Review: Così fan tutte


This is a production of Così by German director, Jan Philipp Gloger, that deals ingeniously with the difficulties, for a twenty-first century audience, presented by the opera's very eighteenth century misogyny. It is also incredibly stylish visually.

The one or two jeers that greeted the production team, when invited on stage to take a bow, were therefore misjudged, indeed, unfathomable. They should have been cheered to the rafters. This review will attempt to explain why (spoiler alert).

Gloger employs the conceit that what unfolds on stage is a performance being staged by eighteenth century performers (who take a bow, in eighteenth century dress, during the overture as if to take premature praise for the presentation which is to follow); the performance which they stage, however, is the tale of two very twenty-first century couples of the sort that might be found anywhere in the House itself.

Indeed, to make the point, the two couples arrive in modern attire, applauding while running down the aisles of the orchestra stalls, giving all the appearance of being just two couples arriving at the end of the overture, a tad late for the start.

They get on stage and the modern-dress performance begins in which they are couples appearing in a traditional performance of Così at Covent Garden itself (selfies are taken, pre-performance, in the old Crush Bar). So that's a play within a play, within a play.

Before explaining how that helps with the misogyny, a quick recap of the traditional story: Ferrando (Daniel Behle) is engaged to Dorabella (Angela Brower) and Guglielmo (Alessio Arduini) is engaged to Fiordiligi (Corinne Winters).

The mens' friend, Don Alfonso (Johannes Martin Kränzle), wagers them that the women's professions of fidelity will be falsified if tested. The men agree to the wager, sure of their women's faithfulness. The men then announce their departure for war and return in disguise as Albanian noblemen, each to woo the other's woman.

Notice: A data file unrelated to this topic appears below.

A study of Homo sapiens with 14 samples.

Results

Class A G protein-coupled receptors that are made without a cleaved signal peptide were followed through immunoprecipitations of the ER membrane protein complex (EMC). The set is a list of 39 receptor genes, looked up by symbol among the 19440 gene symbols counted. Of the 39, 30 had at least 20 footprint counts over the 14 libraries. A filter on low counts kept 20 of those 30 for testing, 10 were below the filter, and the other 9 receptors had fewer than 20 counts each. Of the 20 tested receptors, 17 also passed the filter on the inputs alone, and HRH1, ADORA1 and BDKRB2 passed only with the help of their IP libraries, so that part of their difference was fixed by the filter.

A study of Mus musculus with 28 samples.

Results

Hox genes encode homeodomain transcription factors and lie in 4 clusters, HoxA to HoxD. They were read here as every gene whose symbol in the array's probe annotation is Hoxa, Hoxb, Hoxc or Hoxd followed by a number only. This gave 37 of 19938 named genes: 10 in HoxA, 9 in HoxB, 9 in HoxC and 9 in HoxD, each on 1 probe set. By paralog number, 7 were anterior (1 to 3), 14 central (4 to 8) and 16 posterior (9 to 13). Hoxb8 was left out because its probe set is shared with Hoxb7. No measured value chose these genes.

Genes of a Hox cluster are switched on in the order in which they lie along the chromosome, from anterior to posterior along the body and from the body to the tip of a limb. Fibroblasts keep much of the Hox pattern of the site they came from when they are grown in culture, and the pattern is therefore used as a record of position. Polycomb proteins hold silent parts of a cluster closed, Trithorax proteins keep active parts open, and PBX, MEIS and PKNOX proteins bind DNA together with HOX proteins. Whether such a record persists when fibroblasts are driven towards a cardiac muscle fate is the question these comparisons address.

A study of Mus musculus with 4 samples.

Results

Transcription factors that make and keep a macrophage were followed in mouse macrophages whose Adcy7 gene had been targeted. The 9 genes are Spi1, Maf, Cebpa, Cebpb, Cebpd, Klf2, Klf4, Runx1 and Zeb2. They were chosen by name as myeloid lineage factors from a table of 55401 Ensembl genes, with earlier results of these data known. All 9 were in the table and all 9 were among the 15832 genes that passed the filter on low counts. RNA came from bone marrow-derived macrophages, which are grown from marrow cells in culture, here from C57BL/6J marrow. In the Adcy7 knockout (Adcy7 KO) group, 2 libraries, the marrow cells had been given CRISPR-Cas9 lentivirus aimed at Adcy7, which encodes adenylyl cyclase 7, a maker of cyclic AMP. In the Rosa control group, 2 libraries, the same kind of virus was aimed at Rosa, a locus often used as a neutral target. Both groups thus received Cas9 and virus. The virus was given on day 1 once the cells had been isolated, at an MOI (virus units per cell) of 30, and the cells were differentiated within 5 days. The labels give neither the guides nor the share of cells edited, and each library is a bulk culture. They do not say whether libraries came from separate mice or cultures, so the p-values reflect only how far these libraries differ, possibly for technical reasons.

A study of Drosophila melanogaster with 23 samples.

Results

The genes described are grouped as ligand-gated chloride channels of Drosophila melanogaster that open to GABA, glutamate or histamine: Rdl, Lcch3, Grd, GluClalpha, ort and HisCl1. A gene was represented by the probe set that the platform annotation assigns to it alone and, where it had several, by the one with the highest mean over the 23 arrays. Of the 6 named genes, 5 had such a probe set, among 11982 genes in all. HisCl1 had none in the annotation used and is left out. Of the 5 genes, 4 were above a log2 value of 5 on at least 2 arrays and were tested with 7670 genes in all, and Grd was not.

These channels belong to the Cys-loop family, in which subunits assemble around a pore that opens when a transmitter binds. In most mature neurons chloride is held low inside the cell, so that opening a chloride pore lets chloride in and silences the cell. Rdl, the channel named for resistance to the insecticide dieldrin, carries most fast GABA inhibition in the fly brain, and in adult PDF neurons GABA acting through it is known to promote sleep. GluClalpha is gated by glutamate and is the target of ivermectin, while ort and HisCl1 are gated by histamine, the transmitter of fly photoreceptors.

Dorabella falters first and professes love for Guiglielmo's Albanian character and Fiordiligi, though holding out at first, ends up professing love for Ferrando's. They even agree to marry the Albanians, which is arranged by Don Alfonso enlisting the help, as he does throughout, of the women's maid, Despina (Sabina Puértolas) who mocks up as a notary (this all takes place in Naples after all).

In a traditional production, all that the women exchange with the "Albanians" is a token of their love; in this production, the audience is left in no doubt that what Dorabella and Guglielmo's character exchange is bodily fluids. It happens offstage, granted, but it clearly happens.

What this adds to the drama, of course, is that it is not merely Guglielmo's character that has had sex with Dorabella but Guglielmo with his best friend's fiance. Behold, Guglielmo the love rat and sex cheat. This means that, when Guglielmo later misogynistically rants about women's faithlessness (once he has heard of Fiordiligi's) and, in doing so he turns one of the stage lights on the audience, it is his rank hypocrisy which offends rather than his misogyny. The sting is thus drawn.

Indeed, the light which he shines on the audience, intended by him to make the women in the audience take a good look at themselves, has the effect of making the men examine their consciences too. And driving the point home, the opera concludes with a backdrop which spells out in dressing-room bulbs, at first, "Così fan tutte (thus act all women)" and then, when some of the bulbs blow (those making the three horizontals of the final E), "Così fan tutti (thus act all)".

The principals were uniformly excellent, vocally and in terms of characterisation. In the final line up (which brought Winters on last, as though this is Fiordiligi's showpiece, which it is not), Winters and Behle got the biggest ovation but any such distinctions were unfair. If anything, Winters's Come scoglio lacked force in those chest notes which really cash out Fiordiligi's resolve but that is to quibble. All, including the orchestra under Semyon Bychkov, were excellent. The sextet at the end of Act I just fizzed along."